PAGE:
Perspective is a point of view, a way of looking at or interpreting a set of events. We all have perspectives about our world and the circumstances we find ourselves in. And it is your perspective that determines your experience in life, not your circumstances. So, while we cannot always change our circumstances, we can choose our perspective at any time. This is a powerful tool to have in life.
Gaining awareness of what makes us feel stuck
It is a little bit like wearing glasses. Your glasses are silver and have yellow lenses. Every day you put your glasses and see the world with a yellow tint. Overtime you forget that your glasses are tinted yellow and you start to believe that the world, through your eyes, has a yellow glaze to it. The trees are not quite green, more autumn in colour, the sky is not quite blue but more greenish.
Two years later, you go back to your optometrist and get a new pair of glasses. He asks you if you still want a yellow tint and it is now that you realize you had forgotten that they had a yellow tint. You decide it is time for something different and so you decide to have any tint. And then you realize green is so green, blue so blue and the world looks vibrant and alive. You changed your glasses and you have a new perspective.
The glasses analogy offers us a clearer understanding of how easy it is to see something in a way – your perspective. By changing the way we see something, reframing our perspective, everything can look different.
Knowing what our perspective is, allows us to have a greater awareness of how we make decisions and how our perspective determines the way we see things. What we see is based on what we believe.
I know, we have no control on circumstances and some of them may be challenging and hit us hard and many circumstances are outside our control. We can however choose to shift our perspective at any time without waiting for it to be shifted for us. We call this process of shifting perspective ‘’re-framing’’. It is not about changing your mind. Instead, it is about creating a shift in consciousness to help see things in a whole new way. This shift requires that you be willing to understand that there is more than one way to look at a given situation. It is about opening thought and showing a fuller range of possibilities.
I have identified 14 perspectives on which I usually work with my clients. You will find below the top five, but it just took me a while to select just five of them!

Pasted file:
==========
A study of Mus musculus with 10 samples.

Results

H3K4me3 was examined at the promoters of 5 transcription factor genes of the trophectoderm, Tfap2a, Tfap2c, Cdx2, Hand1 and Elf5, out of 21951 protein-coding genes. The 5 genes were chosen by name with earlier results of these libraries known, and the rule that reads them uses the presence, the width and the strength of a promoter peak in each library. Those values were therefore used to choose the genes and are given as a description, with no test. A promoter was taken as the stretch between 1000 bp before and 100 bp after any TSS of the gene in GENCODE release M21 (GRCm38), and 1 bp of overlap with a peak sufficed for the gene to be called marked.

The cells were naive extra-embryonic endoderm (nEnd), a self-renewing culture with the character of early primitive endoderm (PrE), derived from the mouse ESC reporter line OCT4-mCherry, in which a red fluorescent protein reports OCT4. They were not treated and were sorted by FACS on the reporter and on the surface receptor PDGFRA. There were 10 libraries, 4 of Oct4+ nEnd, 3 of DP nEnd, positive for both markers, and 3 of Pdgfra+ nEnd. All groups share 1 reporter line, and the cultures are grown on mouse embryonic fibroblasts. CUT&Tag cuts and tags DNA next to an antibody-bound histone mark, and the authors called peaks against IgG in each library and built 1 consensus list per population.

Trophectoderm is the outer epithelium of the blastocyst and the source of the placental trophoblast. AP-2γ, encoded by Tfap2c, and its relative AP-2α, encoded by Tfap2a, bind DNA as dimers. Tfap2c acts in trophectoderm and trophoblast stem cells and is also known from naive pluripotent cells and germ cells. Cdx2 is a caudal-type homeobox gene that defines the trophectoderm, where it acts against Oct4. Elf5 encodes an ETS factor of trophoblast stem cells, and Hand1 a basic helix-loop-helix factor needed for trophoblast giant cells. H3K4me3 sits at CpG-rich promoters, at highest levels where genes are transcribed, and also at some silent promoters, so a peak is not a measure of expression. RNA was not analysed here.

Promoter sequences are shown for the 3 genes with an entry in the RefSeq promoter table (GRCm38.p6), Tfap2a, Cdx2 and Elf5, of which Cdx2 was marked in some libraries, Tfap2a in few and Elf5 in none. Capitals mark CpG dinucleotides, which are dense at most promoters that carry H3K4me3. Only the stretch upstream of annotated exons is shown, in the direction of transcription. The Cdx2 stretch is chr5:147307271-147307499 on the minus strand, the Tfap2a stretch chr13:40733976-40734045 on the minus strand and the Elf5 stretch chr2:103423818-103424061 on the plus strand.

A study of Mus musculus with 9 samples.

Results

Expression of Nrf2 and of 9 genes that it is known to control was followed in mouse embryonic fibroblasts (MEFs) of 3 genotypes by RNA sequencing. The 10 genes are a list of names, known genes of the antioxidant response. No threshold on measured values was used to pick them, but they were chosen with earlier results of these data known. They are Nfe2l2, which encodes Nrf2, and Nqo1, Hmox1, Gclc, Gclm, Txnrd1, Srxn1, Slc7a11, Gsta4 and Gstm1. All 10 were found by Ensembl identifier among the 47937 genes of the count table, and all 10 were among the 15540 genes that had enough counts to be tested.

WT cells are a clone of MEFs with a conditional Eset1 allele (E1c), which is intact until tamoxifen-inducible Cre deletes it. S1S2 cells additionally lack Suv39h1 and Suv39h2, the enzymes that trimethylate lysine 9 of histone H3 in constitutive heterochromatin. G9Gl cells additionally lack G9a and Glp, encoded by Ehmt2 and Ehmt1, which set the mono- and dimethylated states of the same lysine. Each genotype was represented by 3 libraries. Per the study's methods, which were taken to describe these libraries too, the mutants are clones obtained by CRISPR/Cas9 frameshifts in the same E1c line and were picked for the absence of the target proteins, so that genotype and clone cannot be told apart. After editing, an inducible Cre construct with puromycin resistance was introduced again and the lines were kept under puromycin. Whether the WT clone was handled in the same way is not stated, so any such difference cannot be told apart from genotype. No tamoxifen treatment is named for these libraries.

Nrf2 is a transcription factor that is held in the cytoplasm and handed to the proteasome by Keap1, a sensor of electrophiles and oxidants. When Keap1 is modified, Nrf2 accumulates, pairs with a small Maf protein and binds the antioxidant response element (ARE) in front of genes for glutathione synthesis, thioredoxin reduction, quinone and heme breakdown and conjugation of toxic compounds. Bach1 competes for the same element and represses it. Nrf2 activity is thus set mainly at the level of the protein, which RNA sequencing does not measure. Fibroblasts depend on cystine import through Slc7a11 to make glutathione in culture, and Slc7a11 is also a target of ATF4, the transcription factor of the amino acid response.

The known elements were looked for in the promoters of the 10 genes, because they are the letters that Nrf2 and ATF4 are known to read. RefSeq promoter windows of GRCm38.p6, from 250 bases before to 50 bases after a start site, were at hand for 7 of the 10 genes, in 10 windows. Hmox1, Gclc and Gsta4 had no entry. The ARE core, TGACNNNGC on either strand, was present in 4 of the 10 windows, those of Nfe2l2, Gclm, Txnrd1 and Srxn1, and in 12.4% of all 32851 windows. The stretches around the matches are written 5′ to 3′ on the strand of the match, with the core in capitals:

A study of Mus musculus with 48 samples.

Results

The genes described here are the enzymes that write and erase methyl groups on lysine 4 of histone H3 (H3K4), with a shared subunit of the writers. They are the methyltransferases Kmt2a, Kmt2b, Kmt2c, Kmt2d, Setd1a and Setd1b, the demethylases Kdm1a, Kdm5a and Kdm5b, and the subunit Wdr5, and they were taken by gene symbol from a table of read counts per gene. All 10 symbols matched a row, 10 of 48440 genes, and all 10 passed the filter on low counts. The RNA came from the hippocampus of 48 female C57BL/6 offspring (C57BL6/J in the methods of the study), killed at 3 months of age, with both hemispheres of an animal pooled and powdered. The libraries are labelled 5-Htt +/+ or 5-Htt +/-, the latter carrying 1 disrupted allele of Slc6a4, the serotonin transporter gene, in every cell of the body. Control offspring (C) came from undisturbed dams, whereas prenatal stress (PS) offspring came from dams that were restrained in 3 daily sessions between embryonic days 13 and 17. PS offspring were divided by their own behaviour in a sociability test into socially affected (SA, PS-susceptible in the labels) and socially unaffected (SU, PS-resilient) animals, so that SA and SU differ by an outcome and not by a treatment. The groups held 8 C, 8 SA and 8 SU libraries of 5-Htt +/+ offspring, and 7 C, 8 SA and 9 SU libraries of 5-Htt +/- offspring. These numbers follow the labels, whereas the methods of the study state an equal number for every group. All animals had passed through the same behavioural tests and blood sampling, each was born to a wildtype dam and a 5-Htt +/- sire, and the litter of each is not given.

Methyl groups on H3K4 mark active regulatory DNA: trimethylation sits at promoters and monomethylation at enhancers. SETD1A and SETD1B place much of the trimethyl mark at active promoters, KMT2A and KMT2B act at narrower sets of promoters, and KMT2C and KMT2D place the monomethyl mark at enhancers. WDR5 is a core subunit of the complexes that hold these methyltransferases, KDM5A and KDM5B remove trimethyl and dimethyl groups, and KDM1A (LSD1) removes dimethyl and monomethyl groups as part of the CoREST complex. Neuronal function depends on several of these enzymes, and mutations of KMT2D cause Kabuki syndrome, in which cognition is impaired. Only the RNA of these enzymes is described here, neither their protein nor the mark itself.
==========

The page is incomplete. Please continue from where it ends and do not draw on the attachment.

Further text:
See if any of these disempowering perspectives is familiar with you:
The big winner of this Top 5. Making assumptions about what people are feeling why they are acting as they are and how they feel about you.
Example: A co-worker didn’t invite you to a meeting that you thought you should’ve been invited to, and you believe that he is intentionally trying to exclude you from the conversation or that he doesn’t value your input.
2. I Should:
You keep a list of rules about the way the world “should” operate and become angry or disappointed if others don’t follow your rules.
Example: “After hearing something explained to me once, I should understand it completely.” “Other people should never interrupt me when I’m talking.“
3. Fallacy of change:
Believing that you can’t be happy unless you can change those around you to behave the way you want them to be.
Example: ” If my manager would be more open to communicate, everything would be different.“
4. Control Fallacy:
thinking that you are responsible for everyone and everything around you or, alternatively thinking that are a victim of fate and have no control over anything.
Example: ” I was asked by a colleague to deliver this workshop on next Tuesday and I can’t say no otherwise we will lose this client“.
Thinking that everything people do or say is a reaction to you.
Example: ” She didn’t say hello today; I think she doesn’t like me. “
In bonus, because I love sharing…
Believing that what you feel is the truth. For example, if you feel stupid, it means that you are stupid, If you feel guilty then you must have done something wrong.
Example: “I feel overwhelmed and hopeless; therefore, my problems must be impossible to solve.” “I feel anxious; therefore, something bad is going to happen.”
Does any of them speak to you? Feel free to comment.
Marie Dancer is a Women Career & Leadership coach who helps professional women to pursue their career with greater clarity, meaning and authenticity. She also work s for organisations which want to develop a trust building culture, trust being the bridge between business needs for results and human needs for connection.